This is a discussion on vectors of 'new' classes within the C++ Programming forums, part of the General Programming Boards category; OK suppose I had a code like this Code: vector<base *> vec; vec.push_back(new derived()); delete vec[0]; Code like this does ...

  1. #1

    OK suppose I had a code like this

    Code:
    vector<base *> vec;
    
    vec.push_back(new derived());
    
    delete vec[0];
    Code like this does compile, but I don't think I'm grasping this correctly. Basically I'd like to have a container of new classes, and be able to access them (let's say 4 different classes all pushed onto the vector). My concerns are, does this cause any sort of memory leaks (let's say even with the class destructors being all in order). Does this just make a copy of the derived classes? From what I can understand the vector elements are just pointers to whatever objects.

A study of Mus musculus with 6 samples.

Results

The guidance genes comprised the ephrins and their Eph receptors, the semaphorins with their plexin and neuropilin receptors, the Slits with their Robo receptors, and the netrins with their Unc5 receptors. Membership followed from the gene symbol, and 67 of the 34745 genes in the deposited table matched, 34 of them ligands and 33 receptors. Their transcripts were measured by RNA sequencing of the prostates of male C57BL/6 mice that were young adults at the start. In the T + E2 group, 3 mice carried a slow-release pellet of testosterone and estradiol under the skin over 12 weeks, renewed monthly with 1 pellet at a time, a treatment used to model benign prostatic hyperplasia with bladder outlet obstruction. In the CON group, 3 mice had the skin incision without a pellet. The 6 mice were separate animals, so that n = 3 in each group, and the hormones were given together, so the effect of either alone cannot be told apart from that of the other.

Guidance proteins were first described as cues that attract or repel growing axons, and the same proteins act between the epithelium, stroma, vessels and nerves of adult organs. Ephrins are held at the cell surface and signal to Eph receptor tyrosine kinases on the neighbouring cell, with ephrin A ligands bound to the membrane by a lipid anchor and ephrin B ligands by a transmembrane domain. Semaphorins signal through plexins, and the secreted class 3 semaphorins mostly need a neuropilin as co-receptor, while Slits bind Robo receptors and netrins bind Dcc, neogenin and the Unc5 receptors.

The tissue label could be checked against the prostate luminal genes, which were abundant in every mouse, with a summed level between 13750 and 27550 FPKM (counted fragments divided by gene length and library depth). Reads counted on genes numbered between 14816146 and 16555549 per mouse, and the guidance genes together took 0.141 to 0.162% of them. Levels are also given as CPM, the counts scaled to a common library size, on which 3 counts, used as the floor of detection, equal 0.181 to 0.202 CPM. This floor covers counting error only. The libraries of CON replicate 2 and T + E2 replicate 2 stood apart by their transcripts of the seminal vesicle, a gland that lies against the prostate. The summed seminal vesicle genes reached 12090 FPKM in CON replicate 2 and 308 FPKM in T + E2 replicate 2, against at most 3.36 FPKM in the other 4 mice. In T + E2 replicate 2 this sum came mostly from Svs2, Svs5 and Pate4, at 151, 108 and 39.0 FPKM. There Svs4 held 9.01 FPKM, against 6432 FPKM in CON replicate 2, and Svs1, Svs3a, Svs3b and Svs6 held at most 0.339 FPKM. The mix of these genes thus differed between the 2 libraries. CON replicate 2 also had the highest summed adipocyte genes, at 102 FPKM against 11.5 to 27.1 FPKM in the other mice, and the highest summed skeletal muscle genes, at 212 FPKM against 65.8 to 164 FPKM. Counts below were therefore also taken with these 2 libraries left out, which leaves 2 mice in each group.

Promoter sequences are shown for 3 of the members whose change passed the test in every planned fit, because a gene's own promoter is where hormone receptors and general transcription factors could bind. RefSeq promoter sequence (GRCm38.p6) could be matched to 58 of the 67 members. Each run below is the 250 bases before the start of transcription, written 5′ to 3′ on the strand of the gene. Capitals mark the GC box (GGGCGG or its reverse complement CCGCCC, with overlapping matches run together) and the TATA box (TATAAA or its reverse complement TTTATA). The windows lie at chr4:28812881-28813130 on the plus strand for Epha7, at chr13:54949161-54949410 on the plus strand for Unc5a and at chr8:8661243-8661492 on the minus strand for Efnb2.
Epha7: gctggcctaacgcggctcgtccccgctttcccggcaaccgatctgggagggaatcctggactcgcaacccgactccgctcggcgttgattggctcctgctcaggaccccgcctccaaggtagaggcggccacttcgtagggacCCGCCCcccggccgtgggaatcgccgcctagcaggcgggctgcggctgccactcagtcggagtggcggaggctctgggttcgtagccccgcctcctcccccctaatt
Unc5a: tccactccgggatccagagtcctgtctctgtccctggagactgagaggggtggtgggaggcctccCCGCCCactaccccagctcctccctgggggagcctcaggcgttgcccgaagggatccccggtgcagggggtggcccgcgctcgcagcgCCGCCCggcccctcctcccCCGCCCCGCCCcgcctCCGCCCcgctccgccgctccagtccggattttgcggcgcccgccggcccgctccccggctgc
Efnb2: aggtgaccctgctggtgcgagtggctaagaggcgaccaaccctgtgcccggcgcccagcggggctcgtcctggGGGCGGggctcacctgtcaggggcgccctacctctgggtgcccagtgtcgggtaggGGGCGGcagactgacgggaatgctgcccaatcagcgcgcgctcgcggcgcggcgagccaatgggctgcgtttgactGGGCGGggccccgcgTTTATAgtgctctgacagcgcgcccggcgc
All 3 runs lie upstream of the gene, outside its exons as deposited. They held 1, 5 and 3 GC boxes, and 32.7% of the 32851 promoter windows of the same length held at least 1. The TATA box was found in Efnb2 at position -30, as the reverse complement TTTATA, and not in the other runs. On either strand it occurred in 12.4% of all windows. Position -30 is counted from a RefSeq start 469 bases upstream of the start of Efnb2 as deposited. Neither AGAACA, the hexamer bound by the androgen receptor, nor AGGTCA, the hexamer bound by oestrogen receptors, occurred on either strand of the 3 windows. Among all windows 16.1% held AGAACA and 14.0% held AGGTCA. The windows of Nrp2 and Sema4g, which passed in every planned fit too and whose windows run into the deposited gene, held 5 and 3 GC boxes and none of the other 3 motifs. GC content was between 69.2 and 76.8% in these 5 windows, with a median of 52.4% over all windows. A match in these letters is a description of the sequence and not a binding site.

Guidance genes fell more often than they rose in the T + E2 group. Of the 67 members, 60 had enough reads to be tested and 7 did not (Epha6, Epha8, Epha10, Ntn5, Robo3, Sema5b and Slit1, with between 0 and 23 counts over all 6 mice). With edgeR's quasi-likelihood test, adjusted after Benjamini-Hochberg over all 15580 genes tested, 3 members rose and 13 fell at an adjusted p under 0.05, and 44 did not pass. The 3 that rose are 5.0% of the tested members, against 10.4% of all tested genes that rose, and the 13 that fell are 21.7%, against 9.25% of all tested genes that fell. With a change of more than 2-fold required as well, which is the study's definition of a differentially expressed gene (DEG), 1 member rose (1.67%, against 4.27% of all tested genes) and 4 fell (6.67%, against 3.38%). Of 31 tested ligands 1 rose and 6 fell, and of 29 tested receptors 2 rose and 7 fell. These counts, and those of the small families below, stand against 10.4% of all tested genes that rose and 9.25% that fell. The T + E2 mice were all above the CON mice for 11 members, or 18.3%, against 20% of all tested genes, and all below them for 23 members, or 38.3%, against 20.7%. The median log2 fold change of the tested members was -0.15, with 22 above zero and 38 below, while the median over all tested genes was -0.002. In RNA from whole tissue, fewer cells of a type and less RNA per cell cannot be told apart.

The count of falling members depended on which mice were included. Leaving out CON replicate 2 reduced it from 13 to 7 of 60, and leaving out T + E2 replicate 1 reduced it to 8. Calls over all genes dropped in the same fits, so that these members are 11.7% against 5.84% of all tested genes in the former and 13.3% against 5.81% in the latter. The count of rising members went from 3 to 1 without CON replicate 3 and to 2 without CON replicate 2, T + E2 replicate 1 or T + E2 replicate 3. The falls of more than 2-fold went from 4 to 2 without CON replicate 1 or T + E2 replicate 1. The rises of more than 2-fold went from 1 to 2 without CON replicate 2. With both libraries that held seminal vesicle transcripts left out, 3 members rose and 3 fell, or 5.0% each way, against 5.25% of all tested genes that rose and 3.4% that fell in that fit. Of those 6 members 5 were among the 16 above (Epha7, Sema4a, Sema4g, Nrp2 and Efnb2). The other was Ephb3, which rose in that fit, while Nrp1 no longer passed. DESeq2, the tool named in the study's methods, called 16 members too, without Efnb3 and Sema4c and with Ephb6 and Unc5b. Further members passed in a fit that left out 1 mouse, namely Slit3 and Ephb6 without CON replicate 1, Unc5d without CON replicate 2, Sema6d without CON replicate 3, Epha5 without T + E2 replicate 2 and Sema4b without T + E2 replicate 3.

Am I overthinking this?


    To avoid possible mistakes due to manual memory management, it would be better to use a std::vector<std::shared_ptr<base>>, std::vector<std::unique_ptr<base>> or boost::ptr_vector<base> instead, depending on your requirements.

    Additionally, smart pointers such as std::shared_ptr (requires C++11 support) or boost::shared_ptr will serve as a container for your pointer, so you are over thinking it.

    Additionally, unless you are using polymorphism, you will have to cast the pointer with dynamic_cast to call derived methods. So you're not over thinking it.

    Additionally, polymorphism is a wonderful tool, so if you're not using it, you're probably not thinking enough.



    There are less reasons to store pointers in a vector than ever before.
    Last edited by iMalc; 07-31-2012 at 12:59 AM.